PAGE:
Stem cell bill limits rejected

House members defeat series of amendments sponsored by the GOP

General Assembly


Lawmakers in the House of Delegates handily defeated a series of Republican-sponsored amendments yesterday that would have limited the scope of a bill to spend $25 million yearly on stem cell research.

A final vote on the bill is scheduled for tomorrow, and based on the margins by which the amendments were voted down yesterday, it is expected to pass.

A similar Senate proposal will be debated this week or next, but it will face a tougher battle. Senate Democrats are working feverishly before the bill hits the floor to secure enough votes to avoid a filibuster.

Senate President Thomas V. Mike Miller said yesterday that he does not think he has the 29 votes required to end a filibuster.

"This bill's a moving target," Miller said. "There are a lot of forces in play."

The Senate proposal, which like its House counterpart would ban human cloning, would establish a process for reviewing stem cell research proposals, but it does not require state funding.

Meanwhile, five amendments to the House bill, which would provide $25 million annually for projects including embryonic stem cells and adult stem cells, were voted down yesterday by the full House. All failed by an approximately 2-to-1 margin.

Del. Anthony J. O'Donnell, the House minority whip from Southern Maryland, attempted to eliminate a provision in the bill that would give priority to embryonic stem cell research, which uses the cells of embryos that would otherwise be discarded from fertility clinics. Religious conservatives equate the practice with abortion, and the question of when life begins has been a central point in their opposition to the bill.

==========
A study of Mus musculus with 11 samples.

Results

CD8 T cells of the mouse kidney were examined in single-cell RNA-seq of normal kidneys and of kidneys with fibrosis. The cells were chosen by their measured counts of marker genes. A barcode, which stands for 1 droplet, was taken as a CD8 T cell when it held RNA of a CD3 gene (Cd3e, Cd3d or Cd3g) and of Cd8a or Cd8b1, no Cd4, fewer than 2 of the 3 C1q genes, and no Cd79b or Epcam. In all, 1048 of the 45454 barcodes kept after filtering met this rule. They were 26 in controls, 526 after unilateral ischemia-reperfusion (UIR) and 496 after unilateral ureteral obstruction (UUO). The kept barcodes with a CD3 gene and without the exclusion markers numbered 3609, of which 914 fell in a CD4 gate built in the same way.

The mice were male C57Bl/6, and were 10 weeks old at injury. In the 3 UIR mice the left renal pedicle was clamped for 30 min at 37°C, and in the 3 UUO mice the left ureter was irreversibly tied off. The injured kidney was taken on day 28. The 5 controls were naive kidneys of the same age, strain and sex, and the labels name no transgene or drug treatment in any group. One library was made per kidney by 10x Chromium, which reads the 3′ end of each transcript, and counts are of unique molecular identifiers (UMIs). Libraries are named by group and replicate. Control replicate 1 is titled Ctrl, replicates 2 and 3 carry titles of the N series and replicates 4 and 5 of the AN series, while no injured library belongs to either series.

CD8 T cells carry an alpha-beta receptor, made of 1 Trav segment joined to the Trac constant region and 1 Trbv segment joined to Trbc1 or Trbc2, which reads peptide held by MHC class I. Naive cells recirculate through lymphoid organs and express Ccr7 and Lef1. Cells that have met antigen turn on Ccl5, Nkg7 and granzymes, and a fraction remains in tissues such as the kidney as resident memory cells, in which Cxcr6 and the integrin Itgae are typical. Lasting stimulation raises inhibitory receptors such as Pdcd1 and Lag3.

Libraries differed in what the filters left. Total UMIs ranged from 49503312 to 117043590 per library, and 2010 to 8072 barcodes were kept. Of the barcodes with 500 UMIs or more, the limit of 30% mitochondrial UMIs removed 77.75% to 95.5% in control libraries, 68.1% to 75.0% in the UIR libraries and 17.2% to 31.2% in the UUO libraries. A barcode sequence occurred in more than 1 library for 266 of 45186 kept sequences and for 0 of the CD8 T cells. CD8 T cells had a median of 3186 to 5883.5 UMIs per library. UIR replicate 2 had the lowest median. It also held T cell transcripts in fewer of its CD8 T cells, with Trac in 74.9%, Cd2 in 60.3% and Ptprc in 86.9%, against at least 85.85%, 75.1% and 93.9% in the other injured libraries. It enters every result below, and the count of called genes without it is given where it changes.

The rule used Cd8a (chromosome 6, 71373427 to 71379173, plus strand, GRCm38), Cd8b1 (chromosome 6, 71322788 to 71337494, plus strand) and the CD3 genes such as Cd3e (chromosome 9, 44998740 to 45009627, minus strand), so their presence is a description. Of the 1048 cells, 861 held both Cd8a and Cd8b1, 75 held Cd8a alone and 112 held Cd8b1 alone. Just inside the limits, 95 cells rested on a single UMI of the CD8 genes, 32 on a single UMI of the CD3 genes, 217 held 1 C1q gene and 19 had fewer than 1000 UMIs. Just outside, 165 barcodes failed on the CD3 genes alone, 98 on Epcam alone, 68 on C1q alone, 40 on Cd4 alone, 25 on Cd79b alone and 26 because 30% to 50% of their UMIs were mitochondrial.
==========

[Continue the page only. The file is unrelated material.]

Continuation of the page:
"Let projects compete on their merits," O'Donnell said, referring to research proposals using embryos and adult stem cells.

Del. Peter A. Hammen, a Baltimore Democrat who chairs the House Health and Government Operations Committee, which first passed the legislation, explained that the bill gives priority to embryonic research because it is not funded at the federal level. President Bush restricted funding in 2001 to existing stem cell lines. Federal money can be used for adult stem cell research.

"We took a step back; we said let's include adult stem cell research but at the same time we do not want to duplicate what is already funded at the federal level," Hammen said.

Del. Herbert H. McMillan, an Anne Arundel County Republican, proposed an amendment yesterday that would have removed an annual funding requirement from the bill. He said the legislature should not require state funding, and he called the bill in its current form not "fiscally, socially or scientifically responsible."

"This legislative spending mandate digs the financial ditch that we are in deeper," McMillan said.

Hammen said the state needs to make an investment in a burgeoning area of research. "If we're willing to put the policy up, we should be willing to put the money up," he said.

An amendment also failed to strike embryonic research from the bill.

Many scientists believe that stem cell research -- particularly embryonic stem cell research because the cells take on the properties of dozens of other cells in the body -- could lead to treatments or cures for a number of debilitating diseases, such as Parkinson's and Alzheimer's.

Gov. Robert L. Ehrlich Jr. has entered the debate for the first time this year with a proposal to commit $20 million for stem cell research and $13.5 million for a new research center in Baltimore. He has said that he does not believe legislation is necessary and that his budget plan is the best way to tackle the issue. Yesterday, he called on lawmakers not to cut from his funding proposal.